May 15 is the Ides of May. On this day the Vestal Virgins of Ancient Rome performed a rite to ensure the supply of water for the coming year.
To me, Paganism is a nature religion, so caring for nature is a sacred task as well as protecting the world for the future. I also believe in acting locally when possible. You can’t get much more local than your own garden, so I've signed up for No Mow May - a campaign by conservation charity Plantlife.
From April into May, flowers are everywhere. In Ancient Rome a five to six-day festival celebrated them. It was in honour of Flora, goddess of flowers and fertility, and was called Floralia. As well as floral tributes there were games, theatrical performances and dancing. According to historian Ed Whalen: "Some scholars believe that the Floralia was the inspiration for the May Day Festival." Mind you, it’s also possible that everyone just wants to celebrate warmer weather, blossom and trees being green anew.
Many of us will be getting eggs of some kind this weekend, even if we’re pagan and don’t celebrate Easter as a religious festival. So, this post is about the folklore, symbolism and magic of eggs.
I know this is April 1st but I promise I’m not going to be playing any jokes. What I will be doing is looking at the origins of April Fool’s Day, the trickster and the wisdom of the fool.
It’s Lent. That’s usually thought of as a Christian prelude to Easter, but it wasn’t always just that. In fact, it might have originally meant the time of year when days lengthen – and could be celebrated by anyone, pagans included.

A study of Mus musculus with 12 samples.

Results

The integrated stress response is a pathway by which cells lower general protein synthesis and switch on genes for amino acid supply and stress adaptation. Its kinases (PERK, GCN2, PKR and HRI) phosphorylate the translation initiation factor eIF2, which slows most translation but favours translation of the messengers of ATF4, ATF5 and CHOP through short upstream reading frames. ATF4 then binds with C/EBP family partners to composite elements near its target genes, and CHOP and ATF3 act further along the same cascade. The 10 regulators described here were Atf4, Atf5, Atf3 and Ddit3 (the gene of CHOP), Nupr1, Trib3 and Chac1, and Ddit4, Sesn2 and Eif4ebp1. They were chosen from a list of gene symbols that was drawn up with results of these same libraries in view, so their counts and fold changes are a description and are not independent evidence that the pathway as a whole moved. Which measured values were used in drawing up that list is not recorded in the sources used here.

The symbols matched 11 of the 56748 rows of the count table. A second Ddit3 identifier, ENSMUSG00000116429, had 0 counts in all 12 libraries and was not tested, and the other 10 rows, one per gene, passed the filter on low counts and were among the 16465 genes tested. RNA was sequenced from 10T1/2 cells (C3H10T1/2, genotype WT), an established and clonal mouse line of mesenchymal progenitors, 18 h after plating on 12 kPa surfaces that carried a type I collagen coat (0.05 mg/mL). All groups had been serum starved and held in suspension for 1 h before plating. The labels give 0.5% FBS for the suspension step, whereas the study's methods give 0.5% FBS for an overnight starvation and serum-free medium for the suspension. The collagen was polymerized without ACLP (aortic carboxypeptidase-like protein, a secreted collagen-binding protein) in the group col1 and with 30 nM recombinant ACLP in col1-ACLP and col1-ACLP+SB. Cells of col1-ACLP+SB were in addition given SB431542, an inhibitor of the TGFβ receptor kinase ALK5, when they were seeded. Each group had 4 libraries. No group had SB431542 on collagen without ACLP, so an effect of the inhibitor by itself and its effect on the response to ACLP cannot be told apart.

The sight of flowers helps lift my mood when everything else seems grim, and March is when my garden starts to bloom with colour after the drabness of winter. As I write this, I see yellow daffodils, pink primroses and the buds of red camellia flowers as I glance out of my window.
One thing I love about February is watching the twilight time creeping later and later. The sunsets, and the sky just afterwards, can be beautiful with bare trees silhouetted against pink and purple. It’s one of my favourite sights and makes me feel full of hope for spring to come.
Valentine’s Day on February 14th is, of course, massively commercialised with all the financial and social pressures that entails. Oh, and it isn’t exactly pagan as it gets its name from a Christian saint.
February’s a short month, but sees a lot of change in the natural world in southern England, where I live. At the start of the month a few early flowers are blooming in my garden, including snowdrops, which I look forward to seeing but I don’t bring indoors as that’s considered unlucky. By the end of it there’ll be spring flowers everywhere. The festival that starts the month is Imbolc in the Wheel of the Year.
For pagans who celebrate the cycle of the seasons, going out and seeing what’s happening in nature is invaluable. Observing things with our own eyes is better than just reading about the Wheel of the Year in books or blogs – including this one! In England, where I live, January is often colder and frostier than December. There can be ice and snow, trees are bare, but there can also be signs of life.
The first month of the year is usually cold and grey in Britain, where I live. It feels like the heart of winter, even though the daylight hours are increasing. It can be hard to do anything except stay indoors in the warm, but hopefully I can offer some ideas for making January more magical.